Browns: training camp 2007
BEREA — Browns training camp begins Friday with more subplots than a season of “Grey’s Anatomy.”
Will LeCharles Bentley and Gary Baxter complete their remarkable recoveries and be healthy enough to play? Will Kevin Shaffer get traded? When will the top three rookies sign? Will the offense grasp Rob Chudzinski’s new scheme?
But — as usual with the Browns — one story line will dominate conversation on talk radio and in the chat rooms. Who will win the starting quarterback job?
The most visible job in town has been as stable as Lindsay Lohan. Since 2003, the Browns have opened the season with a new starting quarterback each year — Kelly Holcomb, Jeff Garcia, Trent Dilfer, Charlie Frye. They could make it five in a row if Derek Anderson or Brady Quinn ends Frye’s dream of leading the Browns before they got good.
Frye started the final five games of 2005 and the first 12 of 2006. But when he got hurt against Kansas City, Anderson opened eyes in the front office with a stronger arm, quicker decisions and better pocket presence.
Despite a badly injured wrist, Frye returned to start the finale and stake his claim to the job. His toughness was admired, but in 18 career starts — 6-12 record, 22 interceptions — he had done little to ensure his future as the starter.
That became obvious when the Browns traded two draft picks, including next year’s No. 1, to draft Quinn with the 22nd pick. The competition immediately became a three-horse race among Frye, Anderson and Quinn.
Quinn was billed as the most NFL-ready quarterback to enter the draft in years, but his performance throughout offseason practices and minicamp was underwhelming. Combine that with an extended holdout that gets more likely by the hour, and Quinn is a long shot to start the opener Sept. 9 vs. the Steelers. That’s where Anderson comes in.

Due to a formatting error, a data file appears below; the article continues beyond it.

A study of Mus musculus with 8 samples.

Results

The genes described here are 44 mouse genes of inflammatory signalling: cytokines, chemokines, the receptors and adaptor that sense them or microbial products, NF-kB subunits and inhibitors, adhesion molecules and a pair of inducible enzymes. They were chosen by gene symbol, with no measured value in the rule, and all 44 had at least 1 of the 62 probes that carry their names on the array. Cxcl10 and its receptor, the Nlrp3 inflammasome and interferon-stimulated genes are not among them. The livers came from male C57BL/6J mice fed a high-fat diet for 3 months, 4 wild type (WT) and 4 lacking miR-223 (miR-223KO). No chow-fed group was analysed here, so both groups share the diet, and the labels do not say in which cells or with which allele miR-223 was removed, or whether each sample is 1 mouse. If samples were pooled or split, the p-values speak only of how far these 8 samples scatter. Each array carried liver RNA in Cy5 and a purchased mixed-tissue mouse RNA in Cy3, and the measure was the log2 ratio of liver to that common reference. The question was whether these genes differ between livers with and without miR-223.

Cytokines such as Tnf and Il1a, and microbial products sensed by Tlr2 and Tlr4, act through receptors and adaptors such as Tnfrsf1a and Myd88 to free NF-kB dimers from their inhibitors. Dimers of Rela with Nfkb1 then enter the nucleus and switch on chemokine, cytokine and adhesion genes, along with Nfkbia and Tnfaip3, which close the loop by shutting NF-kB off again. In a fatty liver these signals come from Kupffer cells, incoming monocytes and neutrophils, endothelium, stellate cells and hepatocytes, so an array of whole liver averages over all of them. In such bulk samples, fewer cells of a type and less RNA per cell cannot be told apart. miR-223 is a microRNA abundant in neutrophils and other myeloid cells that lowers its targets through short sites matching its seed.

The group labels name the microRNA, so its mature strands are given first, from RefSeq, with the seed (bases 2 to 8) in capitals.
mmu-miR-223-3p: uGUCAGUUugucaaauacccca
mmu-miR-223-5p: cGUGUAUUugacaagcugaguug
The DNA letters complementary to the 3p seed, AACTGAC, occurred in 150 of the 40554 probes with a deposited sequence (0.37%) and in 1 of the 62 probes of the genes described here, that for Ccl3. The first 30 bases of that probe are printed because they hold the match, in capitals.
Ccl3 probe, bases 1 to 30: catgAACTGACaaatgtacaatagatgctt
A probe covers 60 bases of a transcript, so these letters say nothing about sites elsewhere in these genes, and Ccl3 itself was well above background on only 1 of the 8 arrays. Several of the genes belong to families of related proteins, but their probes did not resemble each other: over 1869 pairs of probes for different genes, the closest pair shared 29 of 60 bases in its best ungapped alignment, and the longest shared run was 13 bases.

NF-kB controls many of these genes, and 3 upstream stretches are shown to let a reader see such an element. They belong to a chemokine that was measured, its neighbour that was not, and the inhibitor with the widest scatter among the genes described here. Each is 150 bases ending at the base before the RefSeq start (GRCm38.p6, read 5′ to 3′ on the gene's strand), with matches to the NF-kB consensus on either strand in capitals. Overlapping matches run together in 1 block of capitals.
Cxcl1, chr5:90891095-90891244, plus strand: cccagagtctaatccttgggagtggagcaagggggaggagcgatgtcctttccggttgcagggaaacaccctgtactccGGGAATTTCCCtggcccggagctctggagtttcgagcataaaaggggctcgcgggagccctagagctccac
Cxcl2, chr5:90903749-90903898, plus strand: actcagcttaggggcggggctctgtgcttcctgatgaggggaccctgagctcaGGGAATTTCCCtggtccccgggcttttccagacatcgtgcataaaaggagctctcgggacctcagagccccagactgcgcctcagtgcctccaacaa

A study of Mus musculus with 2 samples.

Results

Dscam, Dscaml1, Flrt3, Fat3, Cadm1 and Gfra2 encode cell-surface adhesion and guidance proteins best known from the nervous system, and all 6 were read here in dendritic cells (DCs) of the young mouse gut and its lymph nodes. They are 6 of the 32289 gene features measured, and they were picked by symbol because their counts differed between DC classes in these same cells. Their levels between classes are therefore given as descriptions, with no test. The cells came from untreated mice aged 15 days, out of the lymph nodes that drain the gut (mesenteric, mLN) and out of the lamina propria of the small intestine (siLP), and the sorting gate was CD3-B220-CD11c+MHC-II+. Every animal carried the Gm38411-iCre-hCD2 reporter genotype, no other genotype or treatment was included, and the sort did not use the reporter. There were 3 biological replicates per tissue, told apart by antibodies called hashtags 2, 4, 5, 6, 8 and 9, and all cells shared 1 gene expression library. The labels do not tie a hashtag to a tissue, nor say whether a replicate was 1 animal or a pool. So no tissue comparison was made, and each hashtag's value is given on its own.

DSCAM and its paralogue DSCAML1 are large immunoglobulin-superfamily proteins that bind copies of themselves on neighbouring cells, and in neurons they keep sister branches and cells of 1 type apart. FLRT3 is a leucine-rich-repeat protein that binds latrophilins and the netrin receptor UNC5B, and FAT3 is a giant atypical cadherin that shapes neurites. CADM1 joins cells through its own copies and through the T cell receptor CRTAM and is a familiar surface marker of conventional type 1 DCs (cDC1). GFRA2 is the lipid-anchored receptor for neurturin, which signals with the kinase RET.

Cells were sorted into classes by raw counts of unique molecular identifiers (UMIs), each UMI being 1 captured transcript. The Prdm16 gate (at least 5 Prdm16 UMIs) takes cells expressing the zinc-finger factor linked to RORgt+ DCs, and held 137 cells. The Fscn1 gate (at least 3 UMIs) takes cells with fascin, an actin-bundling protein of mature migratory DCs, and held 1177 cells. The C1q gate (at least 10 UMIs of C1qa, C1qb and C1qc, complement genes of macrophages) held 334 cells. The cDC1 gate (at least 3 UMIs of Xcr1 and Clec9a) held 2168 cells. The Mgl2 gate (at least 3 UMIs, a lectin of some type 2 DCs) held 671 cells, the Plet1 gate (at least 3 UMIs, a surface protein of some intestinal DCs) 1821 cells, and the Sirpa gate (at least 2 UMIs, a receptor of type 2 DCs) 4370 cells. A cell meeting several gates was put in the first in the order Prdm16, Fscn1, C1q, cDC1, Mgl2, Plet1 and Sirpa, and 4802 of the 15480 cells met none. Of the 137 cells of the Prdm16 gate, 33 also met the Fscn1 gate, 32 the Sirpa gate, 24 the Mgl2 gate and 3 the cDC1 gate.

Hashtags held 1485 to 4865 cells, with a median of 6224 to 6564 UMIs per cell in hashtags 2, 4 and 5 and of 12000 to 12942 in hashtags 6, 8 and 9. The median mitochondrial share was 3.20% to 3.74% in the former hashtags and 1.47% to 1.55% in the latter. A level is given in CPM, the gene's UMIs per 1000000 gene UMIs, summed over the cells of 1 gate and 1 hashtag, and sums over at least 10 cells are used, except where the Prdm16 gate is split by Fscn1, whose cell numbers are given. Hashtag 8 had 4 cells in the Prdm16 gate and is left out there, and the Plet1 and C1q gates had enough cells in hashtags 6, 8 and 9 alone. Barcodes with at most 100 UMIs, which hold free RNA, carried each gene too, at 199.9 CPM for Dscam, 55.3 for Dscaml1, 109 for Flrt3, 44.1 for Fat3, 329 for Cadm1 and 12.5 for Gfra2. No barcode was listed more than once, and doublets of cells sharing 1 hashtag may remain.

While coach Romeo Crennel maintained during minicamp that Frye is the incumbent and has a “leg up,” Anderson closed the gap during the offseason and enters training camp neck-and-neck with Frye, or perhaps with a slight edge.
He and Quinn were beneficiaries of the switch to Chudzinski’s system, which leveled the playing field. Frye’s advantage in experience was nullified by the installation of an entirely new offense.
So the competition will be fierce, and the starter will be determined by performance, as Crennel and Chudzinski have promised to split snaps evenly at the outset of camp. That means each repetition in Berea will be scrutinized by fans, media and coaches.
But there won’t be a lot of time to contemplate the decision. Coaches prefer to have their lineups set by the third week of the preseason, so a decision will likely be made after the Aug. 18 game vs. the Lions.
That should make for an interesting next three weeks.
Contact Scott Petrak at 329-7136 or firstname.lastname@example.org.
A QB Quandary
Pros: Has the most experience of the three competitors, starting 18 games in his two NFL seasons. … The best scrambler and improviser. … Showed improved arm strength last year. … Works hard and won’t give up the job without a fight. … Tough.
Cons: Throws too many interceptions (22 in 20 games) and fumbles too much (11). … Gets into trouble trying to save a broken play. … Just 6-12 as a starter.
Pros: Looks like a quarterback. The tallest
(6-foot-6) candidate with the best arm — by far. … Makes quick decisions in the pocket and can make all the throws. … Opened eyes in the front office in three starts last year.
Cons: Despite 33-yard scramble that beat Kansas City in overtime last year, doesn’t move well. … His tendency to throw interceptions resurfaced last year — seven in three starts.
Pros: Thrived in the pressure-cooker of Notre Dame. … Won 29 games and set 26 records for the Irish. ... Got better as OTAs and minicamp wore on. … Notre Dame coach Charlie Weis said he was ready for the pros.
Cons: Struggled in big games at Notre Dame. … Didn’t stand out in minicamp. … Doesn’t overwhelm with size, speed or arm strength. … Expected holdout would doom his chance to start.